Humans speak their first fully-formed words sometime between 9 – 12 months of age. It’s a big deal, delighting our parents and launching us into the world of interactive communication. For the rest of our lives, words are the foundation of (almost) everything we do. Psychologist Dr. Jordan Peterson says, “If you can think, speak, and write, you are absolutely deadly. Nothing can get in your way.”
If Dr. Peterson is right, why are ambitious hospitality professionals so often inattentive to and careless with their words? How can hospitality leaders communicate effectively so that their words matter? Here are six techniques to try:
Pre-Game The Conversation
This is, without question, one of the most valuable things you can do. Before speaking or writing – whenever possible – prepare mentally in advance. What do you plan to say? How do you plan to say it? Speak it out loud so you hear how it sounds. You will be amazed at how often it improves both the actual words and the volume of words you use.
Eliminate Unnecessary Words
Great communicators are masters of efficiency. They do not waste words. Consider the word “just”, for example. Try eliminating this word. Why? Because it diminishes whatever follows it. Other words that fall into this category are “really,” “quite,” and “literally.”
Say What You Mean
“Being direct” gets a bad rap. One can be direct in a manner that isn’t unpleasant. Being direct conveys confidence. It positions you as authentic and transparent. It saves time and reduces the risk of being misinterpreted.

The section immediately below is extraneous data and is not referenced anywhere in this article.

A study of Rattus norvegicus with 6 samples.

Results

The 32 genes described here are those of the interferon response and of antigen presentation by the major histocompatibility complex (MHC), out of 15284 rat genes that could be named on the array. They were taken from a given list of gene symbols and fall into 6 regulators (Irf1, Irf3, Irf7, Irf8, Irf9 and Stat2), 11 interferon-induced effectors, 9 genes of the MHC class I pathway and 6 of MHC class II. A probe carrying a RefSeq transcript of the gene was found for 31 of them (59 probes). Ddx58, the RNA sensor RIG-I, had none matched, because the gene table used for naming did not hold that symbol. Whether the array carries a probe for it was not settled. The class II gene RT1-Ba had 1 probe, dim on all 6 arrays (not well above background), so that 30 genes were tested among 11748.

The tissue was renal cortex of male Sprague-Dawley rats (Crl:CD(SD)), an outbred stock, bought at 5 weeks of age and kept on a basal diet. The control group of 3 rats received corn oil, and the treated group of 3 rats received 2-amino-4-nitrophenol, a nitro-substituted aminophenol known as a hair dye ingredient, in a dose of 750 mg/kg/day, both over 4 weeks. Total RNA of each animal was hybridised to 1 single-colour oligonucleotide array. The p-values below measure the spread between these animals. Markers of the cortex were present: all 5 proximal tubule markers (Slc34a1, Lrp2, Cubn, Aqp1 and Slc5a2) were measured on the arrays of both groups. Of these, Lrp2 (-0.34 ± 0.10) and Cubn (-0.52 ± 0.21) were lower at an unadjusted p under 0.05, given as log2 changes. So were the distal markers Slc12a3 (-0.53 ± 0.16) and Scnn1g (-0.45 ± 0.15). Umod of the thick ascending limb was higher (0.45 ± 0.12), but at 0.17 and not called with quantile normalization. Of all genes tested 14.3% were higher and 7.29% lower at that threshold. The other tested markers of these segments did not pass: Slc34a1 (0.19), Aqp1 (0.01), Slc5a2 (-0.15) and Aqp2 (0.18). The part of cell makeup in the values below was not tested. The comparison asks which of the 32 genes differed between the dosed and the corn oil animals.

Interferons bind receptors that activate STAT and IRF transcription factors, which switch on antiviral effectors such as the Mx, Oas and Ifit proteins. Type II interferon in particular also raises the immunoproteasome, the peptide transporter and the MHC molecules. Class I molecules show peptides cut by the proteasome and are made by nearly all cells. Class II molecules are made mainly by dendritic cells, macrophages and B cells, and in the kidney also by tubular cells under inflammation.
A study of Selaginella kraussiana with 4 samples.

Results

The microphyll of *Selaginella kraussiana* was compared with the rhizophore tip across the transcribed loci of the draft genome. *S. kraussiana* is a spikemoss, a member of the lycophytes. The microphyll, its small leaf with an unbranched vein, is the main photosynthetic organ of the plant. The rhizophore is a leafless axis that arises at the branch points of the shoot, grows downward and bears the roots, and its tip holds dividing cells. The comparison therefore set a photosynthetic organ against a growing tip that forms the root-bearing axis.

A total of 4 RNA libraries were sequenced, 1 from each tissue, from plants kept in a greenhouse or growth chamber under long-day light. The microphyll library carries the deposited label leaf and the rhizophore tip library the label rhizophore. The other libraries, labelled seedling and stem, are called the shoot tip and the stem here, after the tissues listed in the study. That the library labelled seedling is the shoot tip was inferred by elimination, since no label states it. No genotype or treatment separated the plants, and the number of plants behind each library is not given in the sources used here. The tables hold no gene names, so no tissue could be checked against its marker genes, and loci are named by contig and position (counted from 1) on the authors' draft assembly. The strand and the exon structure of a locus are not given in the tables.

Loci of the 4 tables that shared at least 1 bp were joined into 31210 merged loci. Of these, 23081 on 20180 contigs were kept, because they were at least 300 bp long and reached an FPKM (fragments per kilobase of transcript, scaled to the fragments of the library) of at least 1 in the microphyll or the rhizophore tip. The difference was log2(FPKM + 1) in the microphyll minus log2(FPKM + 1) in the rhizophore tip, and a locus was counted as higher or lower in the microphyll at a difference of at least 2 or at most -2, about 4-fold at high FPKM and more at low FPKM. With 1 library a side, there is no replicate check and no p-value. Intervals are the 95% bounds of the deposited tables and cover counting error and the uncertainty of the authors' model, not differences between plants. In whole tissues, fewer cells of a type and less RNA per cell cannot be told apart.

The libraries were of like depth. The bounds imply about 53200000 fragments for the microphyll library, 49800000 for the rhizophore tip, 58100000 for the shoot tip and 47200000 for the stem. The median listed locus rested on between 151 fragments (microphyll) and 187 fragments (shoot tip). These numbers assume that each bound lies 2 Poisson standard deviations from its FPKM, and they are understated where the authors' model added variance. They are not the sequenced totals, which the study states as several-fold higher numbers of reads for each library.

Use Simple Words
Simple words are sharp, clear, and to the point. Our brains, eyes, and mouths don’t struggle with them. Simple words get your message across fast. In today’s attention-deficit world where so many don’t want to listen, simple words are a competitive advantage.
Try Bullet Point Theory
Talking too much is often caused by social anxiety and can dilute your point. Thinking and communicating around a small number of bullet points can be extremely helpful. Concise bullets are mental anchors that provide comfort and keep us from drifting too far off track with our words.
Practice the Two-Second Rule
This is easy to say and harder to do. Count for two seconds before replying to something that’s said to you. There are several benefits to this practice, one of which is to allow yourself a moment to formulate a response – enough time (hopefully) to avoid one that is thoughtless or impulsive.
Stand Out in Your Field
We spend a huge percentage of our waking hours with words. A University of California, San Diego study estimated the average American consumes over 100,000 words every day. The ambient noise level in our lives has never been higher. How do we break through so that we can be heard? By making sure our words matter.